Waiting for first screening of “L’isola dell’angelo caduto” by Carlo Lucarelli @ Rome Film Festival.
From the rich program of the festival, I picked the debut film of director Carlo Lucarelli, famous for his TV documentary series about crime: Blu notte misteri d’Italia.
The name of the film derives from an ancient story that when God chased away Lucifer he dropped on that island. And true to Lucarelli’s genre expertise, this film offers a suspense-laden plot centered on a police officer and his wife arriving on the island during 1925. It’s an invented island – island as a concept – as we are not told exactly its exact location. The timeline focuses around 5 critical days, where strange murders start happening that create a tension between the police officer and the black-shirt fascist commander that is managing the island prison full of anti-fascist intellectuals.
The police officer (Giampaolo Morelli)and his wife (Sara Sartini) are sent from the mainland to this excluded environment and in that sense are trapped the same way as the island prisoners. Later we learned that this mission was not an accident, it has to do with past events the stubborn, justice-seeking police officer was involved in. The film uses a jovial song the suffering officer’s wife keeps playing as way to escape from the dour realities of the island.
[youtube width=”615″ height=”346″]http://youtu.be/QnsZ4TyPeiY[/youtube]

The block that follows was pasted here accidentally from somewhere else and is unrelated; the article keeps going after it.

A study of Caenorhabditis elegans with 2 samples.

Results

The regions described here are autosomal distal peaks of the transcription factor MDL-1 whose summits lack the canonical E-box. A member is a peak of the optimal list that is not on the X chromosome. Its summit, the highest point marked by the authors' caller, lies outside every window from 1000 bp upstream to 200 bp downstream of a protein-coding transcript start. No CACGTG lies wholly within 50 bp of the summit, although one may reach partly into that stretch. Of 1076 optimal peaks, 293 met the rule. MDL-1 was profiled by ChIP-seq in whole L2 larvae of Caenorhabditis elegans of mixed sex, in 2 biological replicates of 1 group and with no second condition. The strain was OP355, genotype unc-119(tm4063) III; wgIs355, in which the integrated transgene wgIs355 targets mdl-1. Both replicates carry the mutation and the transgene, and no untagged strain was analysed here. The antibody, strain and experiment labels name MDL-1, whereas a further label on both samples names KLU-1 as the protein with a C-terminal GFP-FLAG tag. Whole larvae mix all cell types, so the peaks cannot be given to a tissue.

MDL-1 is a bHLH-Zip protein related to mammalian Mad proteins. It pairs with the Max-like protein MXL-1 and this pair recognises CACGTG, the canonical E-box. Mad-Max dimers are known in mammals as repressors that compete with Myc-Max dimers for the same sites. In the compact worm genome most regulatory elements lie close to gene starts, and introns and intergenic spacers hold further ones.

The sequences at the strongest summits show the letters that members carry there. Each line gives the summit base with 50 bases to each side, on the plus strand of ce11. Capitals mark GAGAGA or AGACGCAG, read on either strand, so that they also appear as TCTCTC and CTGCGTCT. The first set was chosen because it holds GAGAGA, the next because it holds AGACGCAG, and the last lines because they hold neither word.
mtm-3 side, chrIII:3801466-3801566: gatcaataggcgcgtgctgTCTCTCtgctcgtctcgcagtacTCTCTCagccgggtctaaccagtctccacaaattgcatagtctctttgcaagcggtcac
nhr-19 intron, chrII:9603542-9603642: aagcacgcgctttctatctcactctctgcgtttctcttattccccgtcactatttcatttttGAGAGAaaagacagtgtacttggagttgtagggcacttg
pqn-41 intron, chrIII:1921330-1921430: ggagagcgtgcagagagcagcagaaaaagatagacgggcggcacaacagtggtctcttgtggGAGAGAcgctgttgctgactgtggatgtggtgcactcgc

Director and cast sharing their impressions on the red carpet (in Italian)
There is also the military doctor played by Giuseppe Cederna, that I immediately associated with his role (piccolo Farina) in 1991’s Gabriele Salvatores’ Mediterraeneo; same fascist period, same settings of soldiers stranded on a forsaken island, but with one big difference. Whereas this film is anchored around mystery (aka giallo) with protagonists doing their best to escape from the island, Mediterraeno explored the concept of escape to the island and idled along depicting the daydreaming activities of the soldiers and their interactions with island natives. In this film most interactions are strictly between the island forced guests: the police officer, the fascists stationed there, the military doctor and others.
Inline with the film focus to resolve the unexplained murders, the soundtrack offers amalgam of disturbing sound effects that makes you believe the next scene will reveal the true motive behind the crimes.
The film leverages the gap between the need of a newcomer sent to command a foreign environment and the local norms that operate against him. A similar premise was used in Pietro Germi’s 1949 In Nome della legge – in the name of the Law. In both cases the newcomer after several clashes with local forces decides to stay and keep his integrity instead of conformism that comes with comfort.
From this aspect, we hear the comforting words of the police officer to his wife on their first day and a year after promising that one day they’ll leave the island, but as the film matures we know these are vacant promises. Integrity won!